HC Deb 09 February 1915 vol 69 cc390-1
18. Mr. HOGGE

asked the Secretary of State for the Home Department whether the Royal Commission on the Sugar Supply has bought Dutch sugar since the importation of sugar into the United Kingdom was totally prohibited as an economic blow against the enemy; whether the Commission was assured that such purchases, if any, would not be replaced by sugar from Germany or Austria; and whether, if such assurance were given, there is any objection to similar importations under licence by merchants and manufacturers?


The answer to the first and second parts of the question is in the affirmative. The purchases were of a class of sugar which our own refineries cannot fully supply and were small, consequently it is possible to make certain that the assurances given will be kept in a way which would not be possible if purchases were general and to large amounts.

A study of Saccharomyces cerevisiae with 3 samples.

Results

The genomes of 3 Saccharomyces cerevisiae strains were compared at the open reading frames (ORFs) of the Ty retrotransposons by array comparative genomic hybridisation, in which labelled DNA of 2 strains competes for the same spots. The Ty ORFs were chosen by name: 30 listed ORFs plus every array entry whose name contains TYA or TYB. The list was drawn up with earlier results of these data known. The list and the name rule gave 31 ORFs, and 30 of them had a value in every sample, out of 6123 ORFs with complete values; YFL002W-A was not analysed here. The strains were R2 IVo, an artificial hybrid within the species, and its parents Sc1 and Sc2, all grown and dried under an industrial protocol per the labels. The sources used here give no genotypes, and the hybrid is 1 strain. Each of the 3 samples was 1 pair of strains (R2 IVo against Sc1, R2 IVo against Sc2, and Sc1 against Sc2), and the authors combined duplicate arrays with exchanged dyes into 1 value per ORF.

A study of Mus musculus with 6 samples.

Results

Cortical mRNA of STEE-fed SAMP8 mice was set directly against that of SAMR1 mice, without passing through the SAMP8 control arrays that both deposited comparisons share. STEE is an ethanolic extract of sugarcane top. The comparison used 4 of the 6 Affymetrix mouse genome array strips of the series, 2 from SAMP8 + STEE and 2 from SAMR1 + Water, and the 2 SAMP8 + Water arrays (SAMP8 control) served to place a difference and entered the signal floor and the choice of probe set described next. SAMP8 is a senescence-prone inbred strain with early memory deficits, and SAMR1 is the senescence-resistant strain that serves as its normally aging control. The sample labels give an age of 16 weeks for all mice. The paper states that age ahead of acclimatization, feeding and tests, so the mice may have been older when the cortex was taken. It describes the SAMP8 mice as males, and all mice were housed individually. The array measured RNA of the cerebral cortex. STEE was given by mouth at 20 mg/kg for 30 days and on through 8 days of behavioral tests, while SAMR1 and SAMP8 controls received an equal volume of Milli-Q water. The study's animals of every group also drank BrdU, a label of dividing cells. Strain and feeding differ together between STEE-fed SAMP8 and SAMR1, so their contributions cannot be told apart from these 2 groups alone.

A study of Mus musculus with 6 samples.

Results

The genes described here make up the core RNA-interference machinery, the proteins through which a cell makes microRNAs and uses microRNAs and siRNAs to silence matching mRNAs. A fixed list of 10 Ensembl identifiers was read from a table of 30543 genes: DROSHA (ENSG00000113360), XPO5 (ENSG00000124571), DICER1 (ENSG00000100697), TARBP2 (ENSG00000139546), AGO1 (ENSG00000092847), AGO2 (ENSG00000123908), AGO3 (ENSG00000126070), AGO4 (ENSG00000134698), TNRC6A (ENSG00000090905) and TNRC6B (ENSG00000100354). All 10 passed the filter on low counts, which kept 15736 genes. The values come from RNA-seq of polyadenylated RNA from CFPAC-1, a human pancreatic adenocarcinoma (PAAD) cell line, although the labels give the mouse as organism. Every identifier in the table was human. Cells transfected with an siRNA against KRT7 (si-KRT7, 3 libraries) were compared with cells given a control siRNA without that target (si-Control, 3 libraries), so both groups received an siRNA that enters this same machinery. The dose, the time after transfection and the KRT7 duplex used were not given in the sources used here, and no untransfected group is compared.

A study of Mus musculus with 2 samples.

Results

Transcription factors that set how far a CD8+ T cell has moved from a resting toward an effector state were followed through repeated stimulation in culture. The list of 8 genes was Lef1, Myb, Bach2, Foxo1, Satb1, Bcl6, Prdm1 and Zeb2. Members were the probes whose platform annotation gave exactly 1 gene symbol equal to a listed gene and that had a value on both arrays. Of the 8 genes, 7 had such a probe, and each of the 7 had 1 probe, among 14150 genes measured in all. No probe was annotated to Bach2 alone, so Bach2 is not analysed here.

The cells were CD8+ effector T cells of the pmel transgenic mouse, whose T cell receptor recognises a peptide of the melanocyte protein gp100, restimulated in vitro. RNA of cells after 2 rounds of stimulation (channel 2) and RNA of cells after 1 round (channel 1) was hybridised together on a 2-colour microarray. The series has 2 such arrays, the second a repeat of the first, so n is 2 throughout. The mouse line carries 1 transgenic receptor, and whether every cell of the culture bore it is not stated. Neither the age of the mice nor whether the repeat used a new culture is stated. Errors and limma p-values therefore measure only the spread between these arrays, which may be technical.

asked the Home Secretary whether he is aware that manufacturers are now in a position to place forward contracts for sugar to be delivered during the first half of August at prices at least £7 a ton less than those charged by the Royal Commission on the Sugar Supply; and if he can state whether the Commission has yet arrived at any decision with regard to such contracts, or is taking steps to safeguard the interests of consumers when the present stocks bought by the Government are exhausted?


My hon. Friend's statement as to prices is not confirmed by the latest reports I have seen. Sugar bought in New York even at present prices could not be sold here cheaper than it is now sold by the Royal Commission, and any purchases by this country in New York would send the prices up much higher. The Commission considers that it would be premature as yet to attempt to decide what the position in the latter part of the year may demand. I can only say that, so soon as a decision can be reached, ample notice will be given to the trade of any change in existing conditions.